The New Blue Media

How Michael Moore, MoveOn.org, Jon Stewart and Company Are Transforming Progressive Politics

The penetrating—and entertaining—story of the rise of a new generation of liberal media figures, from Jon Stewart and Michael Moore to Moveon and the Blue Blogosphere

“When future historians come to write the political story of our times, they will first have to review hundreds of hours of a cable television program called The Daily Show. You simply can’t understand American politics in the new millennium without The Daily Show.” —Bill Moyers

Is a new progressive era in American life in the offing? Only time will tell, but journalist Theodore Hamm’s sharp, acerbic book suggests that a new progressive media has already arrived. Satirical, hard-charging, and unapologetically progressive, this new media movement is both reinvigorating old forms like late-night TV and documentaries and inventing new forms like the blogosphere.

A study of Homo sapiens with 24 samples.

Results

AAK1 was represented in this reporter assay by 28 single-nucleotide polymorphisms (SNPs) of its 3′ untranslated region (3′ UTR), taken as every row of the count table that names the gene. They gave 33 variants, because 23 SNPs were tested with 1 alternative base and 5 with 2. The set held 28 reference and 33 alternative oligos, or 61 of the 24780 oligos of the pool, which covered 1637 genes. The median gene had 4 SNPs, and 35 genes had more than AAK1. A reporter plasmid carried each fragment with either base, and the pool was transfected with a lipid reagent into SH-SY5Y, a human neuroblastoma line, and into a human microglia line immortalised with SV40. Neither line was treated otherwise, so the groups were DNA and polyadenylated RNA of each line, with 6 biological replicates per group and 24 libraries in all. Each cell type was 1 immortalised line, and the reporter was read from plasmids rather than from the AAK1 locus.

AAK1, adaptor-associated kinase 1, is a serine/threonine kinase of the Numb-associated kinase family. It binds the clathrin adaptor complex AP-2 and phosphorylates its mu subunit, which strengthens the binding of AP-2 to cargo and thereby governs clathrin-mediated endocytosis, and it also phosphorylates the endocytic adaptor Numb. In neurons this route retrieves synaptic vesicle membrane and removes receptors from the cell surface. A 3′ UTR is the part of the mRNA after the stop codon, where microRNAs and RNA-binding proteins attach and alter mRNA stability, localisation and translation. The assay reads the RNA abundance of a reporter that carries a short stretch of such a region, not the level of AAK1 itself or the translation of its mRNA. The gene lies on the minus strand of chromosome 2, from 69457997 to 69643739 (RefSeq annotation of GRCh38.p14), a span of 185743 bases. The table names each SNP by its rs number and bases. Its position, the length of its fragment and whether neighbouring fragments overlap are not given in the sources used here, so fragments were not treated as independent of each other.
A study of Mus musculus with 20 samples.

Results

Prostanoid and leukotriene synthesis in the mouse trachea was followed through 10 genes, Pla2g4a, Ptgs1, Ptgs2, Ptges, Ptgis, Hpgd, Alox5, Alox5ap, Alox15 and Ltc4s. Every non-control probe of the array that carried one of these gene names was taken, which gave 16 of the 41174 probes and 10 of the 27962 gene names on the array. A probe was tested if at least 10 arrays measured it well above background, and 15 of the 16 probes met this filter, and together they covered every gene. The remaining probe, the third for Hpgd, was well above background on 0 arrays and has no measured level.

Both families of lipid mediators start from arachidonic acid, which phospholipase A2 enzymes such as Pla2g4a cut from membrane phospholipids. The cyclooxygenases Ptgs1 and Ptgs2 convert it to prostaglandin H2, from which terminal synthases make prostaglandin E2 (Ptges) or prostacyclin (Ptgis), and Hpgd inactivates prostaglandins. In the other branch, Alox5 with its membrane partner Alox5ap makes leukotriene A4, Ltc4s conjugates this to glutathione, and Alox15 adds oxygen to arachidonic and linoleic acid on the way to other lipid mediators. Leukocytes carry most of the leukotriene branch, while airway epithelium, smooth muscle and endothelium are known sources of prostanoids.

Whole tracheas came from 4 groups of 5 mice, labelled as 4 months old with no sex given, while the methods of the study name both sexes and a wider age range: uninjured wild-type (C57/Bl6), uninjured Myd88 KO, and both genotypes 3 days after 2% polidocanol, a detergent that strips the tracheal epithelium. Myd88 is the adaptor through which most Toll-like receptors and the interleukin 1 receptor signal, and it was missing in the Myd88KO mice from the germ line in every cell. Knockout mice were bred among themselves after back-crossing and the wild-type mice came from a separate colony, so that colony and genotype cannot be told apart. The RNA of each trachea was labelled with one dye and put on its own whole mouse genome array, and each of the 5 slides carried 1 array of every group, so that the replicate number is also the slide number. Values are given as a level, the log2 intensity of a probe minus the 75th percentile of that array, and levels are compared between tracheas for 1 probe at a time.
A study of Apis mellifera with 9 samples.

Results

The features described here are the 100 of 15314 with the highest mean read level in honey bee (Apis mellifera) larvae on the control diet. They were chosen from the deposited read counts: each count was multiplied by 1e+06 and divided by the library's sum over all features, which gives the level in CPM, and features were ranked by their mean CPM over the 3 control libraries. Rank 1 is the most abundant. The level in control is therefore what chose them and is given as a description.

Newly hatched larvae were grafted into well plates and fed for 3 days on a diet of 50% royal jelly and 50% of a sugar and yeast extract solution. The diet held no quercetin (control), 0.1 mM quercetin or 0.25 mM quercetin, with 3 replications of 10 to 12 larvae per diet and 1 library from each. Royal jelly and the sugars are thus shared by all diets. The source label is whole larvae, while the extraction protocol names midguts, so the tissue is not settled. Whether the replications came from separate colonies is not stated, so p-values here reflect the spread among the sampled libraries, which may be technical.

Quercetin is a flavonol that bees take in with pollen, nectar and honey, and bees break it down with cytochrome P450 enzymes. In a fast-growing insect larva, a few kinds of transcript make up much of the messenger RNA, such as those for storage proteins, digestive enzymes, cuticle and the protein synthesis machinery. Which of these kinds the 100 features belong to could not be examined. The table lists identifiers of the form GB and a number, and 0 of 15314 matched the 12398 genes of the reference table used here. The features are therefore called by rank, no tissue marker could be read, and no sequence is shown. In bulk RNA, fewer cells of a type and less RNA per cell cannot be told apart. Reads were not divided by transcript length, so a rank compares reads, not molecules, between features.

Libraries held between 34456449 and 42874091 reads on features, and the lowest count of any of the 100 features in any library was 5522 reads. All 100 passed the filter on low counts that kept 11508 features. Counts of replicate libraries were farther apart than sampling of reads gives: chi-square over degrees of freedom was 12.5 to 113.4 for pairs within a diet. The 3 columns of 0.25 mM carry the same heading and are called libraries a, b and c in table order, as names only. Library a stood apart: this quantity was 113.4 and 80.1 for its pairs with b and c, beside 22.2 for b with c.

In a breezy, accessible style, The New Blue Media traces the rise during the Bush years of new media stars: the news-saturated satire of The Onion, The Daily Show, and The Colbert Report; the polemical assaults of Michael Moore and Air America; and the instant-messaging politics of MoveOn, Daily Kos, and the netroots. With the exception of Air America, all of these new media outlets have found commercial success—marking, says Hamm, a new era in liberal politics.

Does this new media matter? In 2004, both Michael Moore and MoveOn became major players; more recently, the influence of the netroots sparked an upheaval within the Democratic Party, when Connecticut’s Ned Lamont almost defeated former vice presidential candidate Joseph Lieberman in his campaign for the Senate. Taken as a whole, the New Blue Media are shaping both the style—and in many cases the substance—of twenty-first-century progressive politics.